My assessment of the battle for Basra has changed significantly. I still think that, in the subjunctive conditional tense, it was a reasonable piece of analysis – al-Maliki needed to do something to start to establish his monopoly on violence within Iraq and I put material weight on his own seeming subjective assessment that he was politically and militarily strong enough to pull it off. But in the actual present tense, things are going the other way. (A disclaimer should certainly be appended at this point that this is all rather toward the punditry end of the spectrum rather than analysis so if that winds you up then skip it, but having picked that ball up I’m sort of committed to running with it).
John is right to be suspicious of this kind of “this looks like such a stupid idea that he must have some private information that explains it all” argument, and there was always the possibility that in fact, it just looked crazy because it was crazy – either a reckless desperation gamble, a wholly unrealistic assessment of the situation or a calculated attempt to precipitate enough of a crisis to force the USA to commit more resources. With the Maliki forces seemingly having made no progess toward their objective in Basra, and with rioting and curfews in Baghdad and actual armed battles in Kut, it looks like Maliki’s gamble is going badly wrong. Napoleon’s maxim is relevant here; “if you set out to take Vienna, take Vienna!” – having picked the fight, Maliki absolutely had to win it, and failure here is likely to mean political failure too.
It’s hard to see a good way out of this. John’s prediction record here is substantially better than mine, and he thinks that we settle back down to a lower-energy state of affairs, with some kind of renegotiated ceasefire, but I’m now less optimistic than that. It seems to me that Moqtada al-Sadr’s control over the movement bearing his name is weakening; the man himself is in Qom, Iran, studying Islamic scripture and trying to stay out of trouble. Meanwhile, the Mehdi Army has clearly been getting more and more restless over the six months of ceasefire and still seems to me to be potentially quite fissiparous. The really interesting question to which I don’t know the answer is; to what extent do the uprisings across Shia Iraq reflect different branches of the Mehdi Army supporting one another, and to what extent are they local flare-ups which were precipitated by the attack on Basra but not coordinated responses to it?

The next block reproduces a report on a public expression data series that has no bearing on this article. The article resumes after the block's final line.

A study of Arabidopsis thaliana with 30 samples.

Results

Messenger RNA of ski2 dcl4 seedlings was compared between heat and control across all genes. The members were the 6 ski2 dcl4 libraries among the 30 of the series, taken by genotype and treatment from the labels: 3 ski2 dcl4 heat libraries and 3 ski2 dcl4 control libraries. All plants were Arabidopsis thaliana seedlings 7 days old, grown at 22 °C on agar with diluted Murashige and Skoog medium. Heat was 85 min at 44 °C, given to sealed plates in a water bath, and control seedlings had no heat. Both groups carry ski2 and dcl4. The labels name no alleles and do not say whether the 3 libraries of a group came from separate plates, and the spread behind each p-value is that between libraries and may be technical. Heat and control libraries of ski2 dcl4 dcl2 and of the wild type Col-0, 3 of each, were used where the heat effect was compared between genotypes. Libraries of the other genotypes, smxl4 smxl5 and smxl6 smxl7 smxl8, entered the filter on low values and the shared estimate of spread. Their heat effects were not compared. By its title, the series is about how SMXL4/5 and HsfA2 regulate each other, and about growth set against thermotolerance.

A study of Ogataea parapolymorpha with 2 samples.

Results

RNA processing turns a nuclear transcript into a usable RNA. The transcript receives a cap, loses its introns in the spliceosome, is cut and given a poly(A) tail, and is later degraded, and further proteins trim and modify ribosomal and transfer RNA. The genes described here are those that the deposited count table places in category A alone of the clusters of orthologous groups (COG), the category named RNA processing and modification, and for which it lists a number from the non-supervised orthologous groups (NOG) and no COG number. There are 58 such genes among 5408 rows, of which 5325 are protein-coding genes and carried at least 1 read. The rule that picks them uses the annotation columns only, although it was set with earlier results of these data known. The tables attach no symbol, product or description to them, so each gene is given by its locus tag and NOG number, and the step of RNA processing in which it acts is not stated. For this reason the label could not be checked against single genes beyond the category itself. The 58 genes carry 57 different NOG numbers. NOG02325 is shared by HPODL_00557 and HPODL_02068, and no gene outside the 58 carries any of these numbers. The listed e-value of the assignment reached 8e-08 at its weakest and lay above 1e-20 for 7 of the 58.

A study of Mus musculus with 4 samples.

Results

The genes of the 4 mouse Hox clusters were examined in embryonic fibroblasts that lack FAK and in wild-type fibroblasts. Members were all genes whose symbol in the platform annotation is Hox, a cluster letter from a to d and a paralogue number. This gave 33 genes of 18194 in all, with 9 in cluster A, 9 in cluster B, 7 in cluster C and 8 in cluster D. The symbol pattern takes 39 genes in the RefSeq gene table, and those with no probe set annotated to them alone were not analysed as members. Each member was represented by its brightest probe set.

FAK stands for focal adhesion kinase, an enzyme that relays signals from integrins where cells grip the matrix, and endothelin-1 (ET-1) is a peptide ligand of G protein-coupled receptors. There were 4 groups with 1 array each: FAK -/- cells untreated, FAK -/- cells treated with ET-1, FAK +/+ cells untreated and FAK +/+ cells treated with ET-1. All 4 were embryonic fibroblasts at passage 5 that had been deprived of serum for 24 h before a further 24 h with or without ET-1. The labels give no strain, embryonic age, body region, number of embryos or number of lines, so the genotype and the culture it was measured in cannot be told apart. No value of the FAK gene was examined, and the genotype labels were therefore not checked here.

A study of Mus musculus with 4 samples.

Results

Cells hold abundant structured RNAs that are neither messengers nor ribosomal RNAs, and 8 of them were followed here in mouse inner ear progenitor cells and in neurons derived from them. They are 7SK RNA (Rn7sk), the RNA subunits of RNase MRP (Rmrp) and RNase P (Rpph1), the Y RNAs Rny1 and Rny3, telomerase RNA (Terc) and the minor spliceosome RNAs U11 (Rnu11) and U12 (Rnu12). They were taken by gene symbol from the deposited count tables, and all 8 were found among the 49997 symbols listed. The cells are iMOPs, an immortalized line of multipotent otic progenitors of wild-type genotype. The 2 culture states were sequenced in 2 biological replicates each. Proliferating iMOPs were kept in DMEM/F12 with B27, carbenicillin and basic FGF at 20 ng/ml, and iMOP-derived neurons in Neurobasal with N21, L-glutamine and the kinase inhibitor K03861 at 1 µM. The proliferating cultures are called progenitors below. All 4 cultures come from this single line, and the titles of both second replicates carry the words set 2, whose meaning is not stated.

Finally, the use of airstrikes in urban areas is a tactic which is very difficult to either endorse or condone. It is needlessly destructive and almost never effective. And it creates homeless refugees. One thing we absolutely know from the African civil wars is that people who grow up in refugee camps tend to learn a violent pattern of behaviour; whether or not we are creating terrorists who will end up attacking us, the sheer proportion of the refugee population is very bad news for the future development of political stability in Iraq.
By the way, in my brief excursion onto “the pro war side” (as in, I was expressing a point of view which had the implication that the US troop surge might end up having favourable consequences – I note that something like my original post ended up being the Bush administration spin, although I swear I came up with it independently), I certainly learned something about the true nature of the anti-war opposition, however. Specifically, more or less everyone who had been my former comrade, continued to be perfectly polite to me and discussed the situation in a rational and civilized manner. A lot of people thought I was completely wrong in that analysis (I still think it was sensible and will defend bits and pieces of it, but I clearly missed the big picture) and said so, but I didn’t take it personally and am not thin-skinned, so there you go.
 It was sensibly objected to me in comments that I have in the past been rather harsh on “something must be done” type arguments. In this case, I thought an exception to the general rule was warranted, because it was a situation with a clear deadline – the beginning of US troop drawdown at the end of the surge, and this was enough to shift it from the “now or later” category into “now or never”.
 The alternative view is that Sadr’s claim that the ceasefire is still in force is a stratagem but I don’t believe this. Sadr’s actually much more of a politician than a soldier (and arguably more of a politician than an imam) and has a lot to lose from a collapse of the current government, not least that he would have to put his coalition
 Which used to be referred to as the “Mahdi Army”, and I think my pronunciation/spelling theory of geopolitics is relevant here.